Mould In Your Home

Loss Prevention


Mould can grow on almost any material, including wood, paper, drywall, carpet and food. The spores released by growing mould can be found virtually everywhere, both indoors and out. Some forms of mould grow faster than others and breathing in the spores of some moulds can be more dangerous to your health than others. All that mould needs to grow are dampness, a food source and oxygen.


Many building materials contain organic material that mould can feed on, and if these materials are damp or wet at the time of their installation you may start to see some evidence of mould as they dry.

You might also have mould because moisture is getting into the house somehow, perhaps due to a plumbing leak, a faulty or insufficient sump pump in your basement, a crack in the foundation or missing flashing on the roof.


Mould is not something covered by most insurance policies. This means that you will need to know what to do if you see mould in your home.

The first thing to do is determine the source of moisture and eliminate it. You may be able to do this on your own, however for severe cases, it’s best to call a professional.

  • If you think that it’s the result of a defect in your new home, contact your builder as your new home warranty should cover mould remediation (caused by a warranted defect) in addition to repairing the defect that’s causing the problem to begin with.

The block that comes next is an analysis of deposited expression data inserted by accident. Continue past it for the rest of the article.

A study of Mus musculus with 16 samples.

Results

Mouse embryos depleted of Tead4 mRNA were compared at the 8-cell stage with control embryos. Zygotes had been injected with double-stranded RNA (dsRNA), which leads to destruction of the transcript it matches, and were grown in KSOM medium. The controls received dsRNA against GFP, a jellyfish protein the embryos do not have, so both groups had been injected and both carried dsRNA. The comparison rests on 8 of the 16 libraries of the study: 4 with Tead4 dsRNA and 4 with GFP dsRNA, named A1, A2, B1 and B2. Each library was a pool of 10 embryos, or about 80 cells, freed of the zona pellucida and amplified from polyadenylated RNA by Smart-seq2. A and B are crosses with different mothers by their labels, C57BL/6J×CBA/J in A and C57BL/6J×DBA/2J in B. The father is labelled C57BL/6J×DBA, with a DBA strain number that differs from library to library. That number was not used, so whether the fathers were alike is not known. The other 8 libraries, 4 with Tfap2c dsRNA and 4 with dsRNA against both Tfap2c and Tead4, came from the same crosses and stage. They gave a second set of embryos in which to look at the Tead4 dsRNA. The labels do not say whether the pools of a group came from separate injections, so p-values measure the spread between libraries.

• Mould could also be present due to improper or inadequate home maintenance.

Once you have eliminated the cause, you will have to deal with remediation of the existing mould. The Government of Canada provides information on dealing with mould here.


One of the keys to preventing mould is in the first place is managing the moisture levels in your home using proper ventilation, exhaust fans, air conditioning systems and dehumidifiers. Guidelines suggest keeping the relative humidity in your home between 30-45% to prevent mould growth.

When it comes to mould prevention it’s important that you regularly inspect window and door surfaces for moisture and condensation; inspect plumbing fixtures and immediately repair leaks; use all exhaust fans, especially in the bathroom and kitchen; and inspect the foundation, roof, windows, doors and exterior cladding for moisture intrusion.


Unless the cause of the moisture problem has been identified and solved, mould will reappear. To prevent future problems, measures should be put in place to control sources of moisture in your home, for example:

  • Ensure rain, irrigation water and snowmelt drain away from the house by sloping the grade away from the building.
  • Keep eavestroughs and downspouts clean of debris and ensure that the outflow runs away from the house and not into neighbouring foundations.
  • Use moisture tolerant materials in areas likely to get wet (kitchen, bathrooms, laundry areas).